Monday, May 19, 2014

Time to pick up the threads of this blog again.
A good way to restart is to perhaps start cataloging what is living in my garden, before I completely lose track.

One shrub that is blooming now is Fothergilla major a member of the Hamamelidaceae or Witch Hazel family. There are two species native to the United States; major and gardenii.  Mountain witch alder is one of the common names for both species of Fothergilla. The genus was named for Dr. John Fothergill, a Quaker natural history enthusiast who subsidized various botanical and scientific endeavors including William Bartram's collecting expedition to the southeastern United States in the 1770s.
I seem to have lost the original tag for the plant in my garden, but based on the phenology and morphology, I'm fairly certain that I have F. major which produces flowers and leaves simultaneously; F. gardenii produces flowers before it leafs out.  F. major is also more abundantly branched and taller than is F. gardenii, which also fits my plant.  The latter has been in cultivation in England since the mid 1700's,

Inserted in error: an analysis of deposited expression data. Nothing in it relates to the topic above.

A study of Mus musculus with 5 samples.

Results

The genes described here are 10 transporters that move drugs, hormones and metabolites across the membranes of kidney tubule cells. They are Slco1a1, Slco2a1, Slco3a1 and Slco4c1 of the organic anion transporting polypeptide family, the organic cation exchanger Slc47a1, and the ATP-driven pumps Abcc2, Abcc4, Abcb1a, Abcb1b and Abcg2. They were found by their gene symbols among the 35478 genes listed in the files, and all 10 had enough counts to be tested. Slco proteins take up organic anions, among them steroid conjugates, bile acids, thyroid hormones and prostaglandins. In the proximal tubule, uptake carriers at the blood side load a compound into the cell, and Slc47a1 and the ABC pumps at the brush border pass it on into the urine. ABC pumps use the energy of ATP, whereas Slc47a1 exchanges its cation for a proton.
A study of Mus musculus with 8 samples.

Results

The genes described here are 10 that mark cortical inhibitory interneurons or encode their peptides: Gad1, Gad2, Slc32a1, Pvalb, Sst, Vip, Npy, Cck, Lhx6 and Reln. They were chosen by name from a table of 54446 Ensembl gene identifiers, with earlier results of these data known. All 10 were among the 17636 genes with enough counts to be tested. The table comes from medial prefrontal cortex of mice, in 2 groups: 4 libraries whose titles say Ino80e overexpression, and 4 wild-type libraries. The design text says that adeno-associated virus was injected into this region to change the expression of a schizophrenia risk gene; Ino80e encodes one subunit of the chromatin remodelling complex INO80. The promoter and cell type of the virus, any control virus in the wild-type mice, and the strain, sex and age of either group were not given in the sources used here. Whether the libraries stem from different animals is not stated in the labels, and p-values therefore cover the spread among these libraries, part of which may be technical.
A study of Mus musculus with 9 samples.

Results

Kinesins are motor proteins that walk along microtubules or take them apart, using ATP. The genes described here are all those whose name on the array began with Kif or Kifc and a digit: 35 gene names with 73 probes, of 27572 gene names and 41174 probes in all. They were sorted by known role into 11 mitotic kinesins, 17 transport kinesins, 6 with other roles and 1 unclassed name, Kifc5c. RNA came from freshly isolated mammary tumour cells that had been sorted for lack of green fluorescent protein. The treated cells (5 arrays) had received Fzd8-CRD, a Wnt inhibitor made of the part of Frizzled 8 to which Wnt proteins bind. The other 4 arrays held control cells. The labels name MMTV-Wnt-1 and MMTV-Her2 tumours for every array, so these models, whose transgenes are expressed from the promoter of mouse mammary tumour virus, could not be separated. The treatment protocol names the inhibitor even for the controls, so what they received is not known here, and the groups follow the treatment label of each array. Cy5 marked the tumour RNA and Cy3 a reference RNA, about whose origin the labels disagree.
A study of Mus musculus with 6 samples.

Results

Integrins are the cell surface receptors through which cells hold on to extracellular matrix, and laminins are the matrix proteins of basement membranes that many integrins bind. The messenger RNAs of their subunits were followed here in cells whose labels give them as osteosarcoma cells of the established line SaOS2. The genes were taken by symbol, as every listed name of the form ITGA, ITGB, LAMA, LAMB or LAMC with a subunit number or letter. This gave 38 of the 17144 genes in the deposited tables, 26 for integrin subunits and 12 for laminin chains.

Currently the plant in my garden is about 5ft tall and 3ft wide.  It is a pretty slow growing, hardy and unassuming. The flowers are white bottlebrush that are supposed to have a fragrance like honey. I haven't noticed any strong scent, perhaps it is more noticeable in warmer weather.  The dominant white color comes from the stamens (filaments) petals are lacking, sepals small. Some years, the leaves turn a nice golden color. I haven't given this plant much care other than occasional light fertilizer and keeping the invading Sitka rose, Salmonberry and Spiraea from taking over its territory. Fortunately, it seems to enjoy the well drained, acidic soil and exposed site in which it lives.